Laws that demand justice

Photo: Unsplash.

Power concedes nothing without a demand. It never did and it never will. —Frederick Douglass, speech from 1857

I was raised in a Mennonite community that held the government at arm’s length, particularly national religion and putting faith in our government structures. 

We didn’t say the pledge of allegiance in school or put our hands over our hearts when the national anthem was played. Politics were not part of daily conversations, and most people did not vote.

We were law-abiding citizens, to be sure. We read the newspaper and cared about the wider world, but government action was separate from God’s plan. 

My, but things have changed! Christian churches, including Anabaptists, have become deeply attached to politics. Whether conservative or liberal, Christians look to the government to legislate their moral values and bring forth the kingdom.

This is a difficult reality for me. I regard the political process as basically flawed and feel it is futile to participate in it. I vote, but only because I’d be embarrassed to admit that I didn’t. 

However, I do want to stay relevant. I want to live in the world faithfully and yet honor Jesus’ words, “My kingdom is not of this world. If it were, my servants would fight. . . . But now my kingdom is from another place” (John 18:36, NIV).

People create government to force themselves to be honest and fair. Did you know the Department of Agriculture employs a weights and measures inspector? This person visits stores and manufacturers and checks that their scales, scanners and gas pumps conform to federal standards. 

This is a justice issue. Proverbs 11:1 says, “The Lord detests dishonest scales, but accurate weights find favor with him” (NIV). 

Hosea, Micah and Amos all refer to dishonest measures and false weights as a way to oppress the poor. Who will speak for the consumer? Turns out the U.S. government will.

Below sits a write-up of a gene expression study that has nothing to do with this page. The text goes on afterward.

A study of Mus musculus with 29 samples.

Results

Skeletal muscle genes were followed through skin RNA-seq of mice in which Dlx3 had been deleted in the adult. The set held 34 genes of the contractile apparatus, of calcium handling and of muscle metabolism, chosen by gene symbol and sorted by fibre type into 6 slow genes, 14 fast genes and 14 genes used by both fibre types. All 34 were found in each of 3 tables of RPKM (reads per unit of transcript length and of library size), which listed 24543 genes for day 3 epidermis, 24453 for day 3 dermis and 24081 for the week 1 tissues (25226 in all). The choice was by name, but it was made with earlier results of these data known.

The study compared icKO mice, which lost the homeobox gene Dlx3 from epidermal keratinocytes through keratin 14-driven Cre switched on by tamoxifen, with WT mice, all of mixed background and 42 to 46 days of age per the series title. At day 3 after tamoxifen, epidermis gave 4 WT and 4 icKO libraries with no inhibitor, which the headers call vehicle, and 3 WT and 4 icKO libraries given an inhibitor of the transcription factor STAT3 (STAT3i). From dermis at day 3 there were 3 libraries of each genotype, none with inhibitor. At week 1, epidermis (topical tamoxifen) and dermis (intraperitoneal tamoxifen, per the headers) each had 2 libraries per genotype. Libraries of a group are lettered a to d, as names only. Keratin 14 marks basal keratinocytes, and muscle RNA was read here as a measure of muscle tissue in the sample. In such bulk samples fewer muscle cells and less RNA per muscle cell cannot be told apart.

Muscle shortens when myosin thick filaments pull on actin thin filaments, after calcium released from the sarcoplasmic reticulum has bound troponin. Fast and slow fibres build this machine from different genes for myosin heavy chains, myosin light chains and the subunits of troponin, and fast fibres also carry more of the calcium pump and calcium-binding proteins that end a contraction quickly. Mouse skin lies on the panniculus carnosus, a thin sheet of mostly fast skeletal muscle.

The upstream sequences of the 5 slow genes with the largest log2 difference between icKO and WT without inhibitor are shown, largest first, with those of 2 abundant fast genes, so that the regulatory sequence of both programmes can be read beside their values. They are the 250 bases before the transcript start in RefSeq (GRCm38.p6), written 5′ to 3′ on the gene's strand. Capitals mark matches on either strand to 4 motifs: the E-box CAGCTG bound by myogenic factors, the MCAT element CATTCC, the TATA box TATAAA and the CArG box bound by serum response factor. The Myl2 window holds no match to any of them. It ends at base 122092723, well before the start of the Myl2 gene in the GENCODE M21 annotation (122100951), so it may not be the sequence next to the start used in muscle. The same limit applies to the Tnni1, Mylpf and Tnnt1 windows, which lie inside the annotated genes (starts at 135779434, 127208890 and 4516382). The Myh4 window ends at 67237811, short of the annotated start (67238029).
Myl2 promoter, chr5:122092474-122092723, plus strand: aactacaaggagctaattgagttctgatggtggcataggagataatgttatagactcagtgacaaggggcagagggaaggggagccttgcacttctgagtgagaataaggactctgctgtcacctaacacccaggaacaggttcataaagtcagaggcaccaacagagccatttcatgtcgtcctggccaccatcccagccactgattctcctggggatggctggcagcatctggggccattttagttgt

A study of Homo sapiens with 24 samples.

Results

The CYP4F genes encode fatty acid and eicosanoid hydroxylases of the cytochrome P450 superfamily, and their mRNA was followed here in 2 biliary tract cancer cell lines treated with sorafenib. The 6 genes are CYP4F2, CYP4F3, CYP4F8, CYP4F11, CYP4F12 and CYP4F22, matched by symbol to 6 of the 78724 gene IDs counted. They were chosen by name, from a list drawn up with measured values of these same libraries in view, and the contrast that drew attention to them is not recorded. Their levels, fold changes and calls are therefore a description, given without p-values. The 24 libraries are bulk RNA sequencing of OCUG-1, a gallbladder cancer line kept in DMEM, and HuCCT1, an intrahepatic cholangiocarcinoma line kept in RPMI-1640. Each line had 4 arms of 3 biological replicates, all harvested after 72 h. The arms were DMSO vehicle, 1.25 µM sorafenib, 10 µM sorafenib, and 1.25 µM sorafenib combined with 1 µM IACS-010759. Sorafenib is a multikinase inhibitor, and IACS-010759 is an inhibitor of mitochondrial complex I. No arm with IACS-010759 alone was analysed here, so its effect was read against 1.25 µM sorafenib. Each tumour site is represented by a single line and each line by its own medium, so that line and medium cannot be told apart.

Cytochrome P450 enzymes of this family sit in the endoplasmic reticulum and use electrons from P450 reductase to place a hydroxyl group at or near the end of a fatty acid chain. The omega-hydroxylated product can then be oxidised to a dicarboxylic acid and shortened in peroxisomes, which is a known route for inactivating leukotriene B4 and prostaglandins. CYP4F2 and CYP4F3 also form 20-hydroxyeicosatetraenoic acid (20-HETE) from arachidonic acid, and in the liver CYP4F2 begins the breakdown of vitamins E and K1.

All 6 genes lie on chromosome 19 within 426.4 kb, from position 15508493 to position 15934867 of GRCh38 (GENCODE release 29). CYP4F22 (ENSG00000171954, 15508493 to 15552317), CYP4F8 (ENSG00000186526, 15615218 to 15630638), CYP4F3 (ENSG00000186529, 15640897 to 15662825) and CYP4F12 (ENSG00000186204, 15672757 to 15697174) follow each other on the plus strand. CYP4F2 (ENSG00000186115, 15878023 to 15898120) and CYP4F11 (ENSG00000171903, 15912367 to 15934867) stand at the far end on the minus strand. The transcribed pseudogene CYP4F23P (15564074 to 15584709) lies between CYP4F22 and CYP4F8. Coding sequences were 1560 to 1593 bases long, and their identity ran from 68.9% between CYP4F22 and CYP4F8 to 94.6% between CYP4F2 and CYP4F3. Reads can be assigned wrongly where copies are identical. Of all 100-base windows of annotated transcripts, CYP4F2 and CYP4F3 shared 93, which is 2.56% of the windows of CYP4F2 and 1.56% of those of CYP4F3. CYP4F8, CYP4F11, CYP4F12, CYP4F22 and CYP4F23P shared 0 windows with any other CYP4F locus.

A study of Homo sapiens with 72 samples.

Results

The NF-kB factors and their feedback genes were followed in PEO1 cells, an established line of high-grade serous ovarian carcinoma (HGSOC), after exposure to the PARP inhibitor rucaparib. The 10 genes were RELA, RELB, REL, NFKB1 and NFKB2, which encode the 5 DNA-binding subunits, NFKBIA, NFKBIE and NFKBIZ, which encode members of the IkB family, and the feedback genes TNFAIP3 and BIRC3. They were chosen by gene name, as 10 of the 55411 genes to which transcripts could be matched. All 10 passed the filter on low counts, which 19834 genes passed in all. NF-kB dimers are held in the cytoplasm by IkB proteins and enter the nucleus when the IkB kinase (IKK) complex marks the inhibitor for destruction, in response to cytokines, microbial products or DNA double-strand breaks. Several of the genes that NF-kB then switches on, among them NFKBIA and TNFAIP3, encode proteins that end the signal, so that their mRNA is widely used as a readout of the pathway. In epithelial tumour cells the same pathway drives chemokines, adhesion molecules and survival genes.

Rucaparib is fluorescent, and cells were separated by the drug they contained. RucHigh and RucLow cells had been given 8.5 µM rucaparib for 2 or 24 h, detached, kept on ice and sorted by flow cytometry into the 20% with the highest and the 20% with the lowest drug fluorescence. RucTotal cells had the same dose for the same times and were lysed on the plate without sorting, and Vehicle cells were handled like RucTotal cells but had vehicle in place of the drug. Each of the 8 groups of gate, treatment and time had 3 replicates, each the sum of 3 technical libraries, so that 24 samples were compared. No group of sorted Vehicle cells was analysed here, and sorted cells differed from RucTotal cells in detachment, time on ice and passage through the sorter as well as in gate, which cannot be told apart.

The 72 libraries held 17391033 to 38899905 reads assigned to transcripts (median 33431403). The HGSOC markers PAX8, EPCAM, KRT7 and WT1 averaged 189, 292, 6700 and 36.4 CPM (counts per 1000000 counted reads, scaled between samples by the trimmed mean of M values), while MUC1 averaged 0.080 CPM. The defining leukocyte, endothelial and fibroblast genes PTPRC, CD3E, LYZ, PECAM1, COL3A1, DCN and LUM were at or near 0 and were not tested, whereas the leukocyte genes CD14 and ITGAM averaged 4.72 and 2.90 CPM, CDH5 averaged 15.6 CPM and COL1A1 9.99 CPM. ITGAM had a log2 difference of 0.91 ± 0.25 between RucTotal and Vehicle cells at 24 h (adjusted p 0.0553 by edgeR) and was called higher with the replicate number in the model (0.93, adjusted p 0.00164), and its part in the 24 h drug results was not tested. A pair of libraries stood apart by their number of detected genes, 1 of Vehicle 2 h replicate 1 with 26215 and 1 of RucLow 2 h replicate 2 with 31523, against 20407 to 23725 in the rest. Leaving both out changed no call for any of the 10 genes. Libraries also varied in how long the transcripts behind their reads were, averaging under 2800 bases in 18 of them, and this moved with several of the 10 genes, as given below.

“We the people” empower the government to punish those who will not adhere to the laws. A store using faulty scales will be fined or shut down. 

Remember that the law to integrate schools meant little in New Orleans until members of the National Guard walked Ruby Bridges into William Frantz Elementary in 1960.

There are also laws that do not promote justice. Indeed, these laws give advantage to the powerful while hurting the weak. 

One example is the “family glitch.” I’ve always been on my husband’s insurance, but this fall I decided to see if I could find cheaper options since the Affordable Care Act became law. I was disappointed to find that I could not get subsidies for affordable health insurance if my spouse’s employer offered “affordable health care.”

Affordable was defined as 9.61% of one’s household income. Not just my spouse’s income, but mine as well. 

Also, the 9.61% was figured from the premium amount my husband would pay for himself. Not including me or our three children. 

None of that makes practical sense, but OK, let’s do the numbers. 

Our household income is $70,000. For my husband to insure only himself would cost $109 every two weeks. This is around 4% of our household income. So affordable! 

To insure both of us (no children), the amount more than triples to $350 every two weeks. That’s 13% of our household income. Not so affordable. 

To insure our entire family comes to 17% of our income. 

Now let’s consider an even more tragic reality. Suppose our household income was $31,000 (which is below the government’s 2023 poverty line). The individual premium of $109 every two weeks is still less than 9.61% and therefore deemed “affordable.” Never mind that insuring the entire family would eat up 29% of our income.

This law isn’t only unfair, it is just plain mean. 

This is only one example of many unfair laws and policies, some far more crippling to the poor and vulnerable. 

I have no doubt that insurance lobbyists had a hand in creating the “family glitch.” And while I’m tempted to blame big business for everything, ultimately, the glitch only exists because lawmakers voted for it. The culpability lies with them. 

On a happy note, because some people denounced the family glitch policy, last year the IRS changed the rules so that more families will be eligible for subsidies. 

Micah told the people that God requires justice, mercy and humility. I’m not sure that our governmental machine is capable of being merciful or humble. But it can, sometimes, work for justice.  

Sarah Kehrberg

Sarah Kehrberg lives in the Craggy Mountains of western North Carolina with her husband and three children.